Stabilizing China-U.S. Relations: A Chinese Perspective
The intense competition between the two strategic frameworks used by China and the United States respectively is the fundamental reason for the high degree of uncertainty in the development of U.S.-China relations. Can the bilateral relationship be stabilized? What should the two countries do to grab the window of opportunity to de-escalate tensions and stabilize the relationship? What are the challenges for U.S.-China relations in the next five to 10 years, and what are the causes behind them? In this talk, Shao Yuqun from the Shanghai Institute of International Studies will provide some insights on these questions using analysis from her research.
This event is co-sponsored by the Walsh School of Foreign Service Asian Studies Program and the Initiative for U.S.-China Dialogue on Global Issues.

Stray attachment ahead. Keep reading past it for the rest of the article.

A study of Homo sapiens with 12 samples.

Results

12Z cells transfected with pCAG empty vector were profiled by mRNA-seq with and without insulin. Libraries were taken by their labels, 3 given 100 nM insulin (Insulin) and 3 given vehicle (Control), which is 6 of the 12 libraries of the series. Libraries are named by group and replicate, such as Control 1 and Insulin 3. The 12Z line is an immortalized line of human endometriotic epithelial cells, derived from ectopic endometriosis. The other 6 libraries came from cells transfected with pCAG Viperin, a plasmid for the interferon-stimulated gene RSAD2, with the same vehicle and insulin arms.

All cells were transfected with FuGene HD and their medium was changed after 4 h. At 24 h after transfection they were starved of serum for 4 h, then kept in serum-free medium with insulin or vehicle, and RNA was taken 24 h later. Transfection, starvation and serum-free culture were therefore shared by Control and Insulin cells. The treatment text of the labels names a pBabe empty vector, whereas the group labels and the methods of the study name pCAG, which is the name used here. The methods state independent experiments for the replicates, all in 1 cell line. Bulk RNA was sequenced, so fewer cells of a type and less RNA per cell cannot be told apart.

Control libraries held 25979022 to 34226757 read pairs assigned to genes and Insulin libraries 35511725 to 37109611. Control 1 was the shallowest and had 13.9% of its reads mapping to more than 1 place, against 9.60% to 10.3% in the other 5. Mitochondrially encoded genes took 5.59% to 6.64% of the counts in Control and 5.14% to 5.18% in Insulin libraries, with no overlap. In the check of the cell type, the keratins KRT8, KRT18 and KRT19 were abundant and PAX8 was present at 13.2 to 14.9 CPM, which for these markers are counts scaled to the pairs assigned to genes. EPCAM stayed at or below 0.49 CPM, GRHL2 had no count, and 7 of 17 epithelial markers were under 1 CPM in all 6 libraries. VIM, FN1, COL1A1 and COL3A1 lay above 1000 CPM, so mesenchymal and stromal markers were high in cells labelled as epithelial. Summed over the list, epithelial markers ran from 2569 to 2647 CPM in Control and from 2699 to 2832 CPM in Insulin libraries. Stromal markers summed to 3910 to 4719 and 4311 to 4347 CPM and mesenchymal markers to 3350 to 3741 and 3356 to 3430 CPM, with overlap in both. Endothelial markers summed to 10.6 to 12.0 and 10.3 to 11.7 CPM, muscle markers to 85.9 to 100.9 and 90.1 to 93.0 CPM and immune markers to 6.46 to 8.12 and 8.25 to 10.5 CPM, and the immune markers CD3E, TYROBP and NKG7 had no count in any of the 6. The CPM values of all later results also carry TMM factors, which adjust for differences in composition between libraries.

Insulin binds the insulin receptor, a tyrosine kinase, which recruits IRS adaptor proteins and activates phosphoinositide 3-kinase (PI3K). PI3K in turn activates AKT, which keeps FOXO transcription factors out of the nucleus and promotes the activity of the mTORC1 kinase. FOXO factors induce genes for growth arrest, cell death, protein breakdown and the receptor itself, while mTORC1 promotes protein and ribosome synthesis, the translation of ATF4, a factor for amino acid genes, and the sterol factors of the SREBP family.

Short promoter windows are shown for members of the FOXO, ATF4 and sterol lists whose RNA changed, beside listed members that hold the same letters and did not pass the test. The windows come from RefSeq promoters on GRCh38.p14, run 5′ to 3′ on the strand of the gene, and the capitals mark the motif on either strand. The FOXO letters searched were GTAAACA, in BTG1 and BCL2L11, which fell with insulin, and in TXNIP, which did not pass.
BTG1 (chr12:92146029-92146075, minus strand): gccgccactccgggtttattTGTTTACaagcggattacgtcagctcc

Shao Yuqun is the director of the Institute for Taiwan, Hong Kong & Macao Studies and senior fellow of the Center for American Studies at Shanghai Institutes for International Studies (SIIS), a leading think tank in China on international relations, China’s foreign policy, and international strategy. Shao has conducted research and published on U.S. global strategy and foreign policy, U.S. policy towards the Asia-Pacific and South and Central Asia regions, cross-Strait relations, China-U.S. relations, and U.S. domestic politics. She was a visiting fellow in the Freeman Chair in China Studies at the Center for Security and International Studies in 2010 and a visiting fellow in the German Development Institute (DIE) in 2008. She is a regular commentator for CGTN in Beijing and Oriental TV in Shanghai, and she contributes articles and comments for other newspapers and websites in China.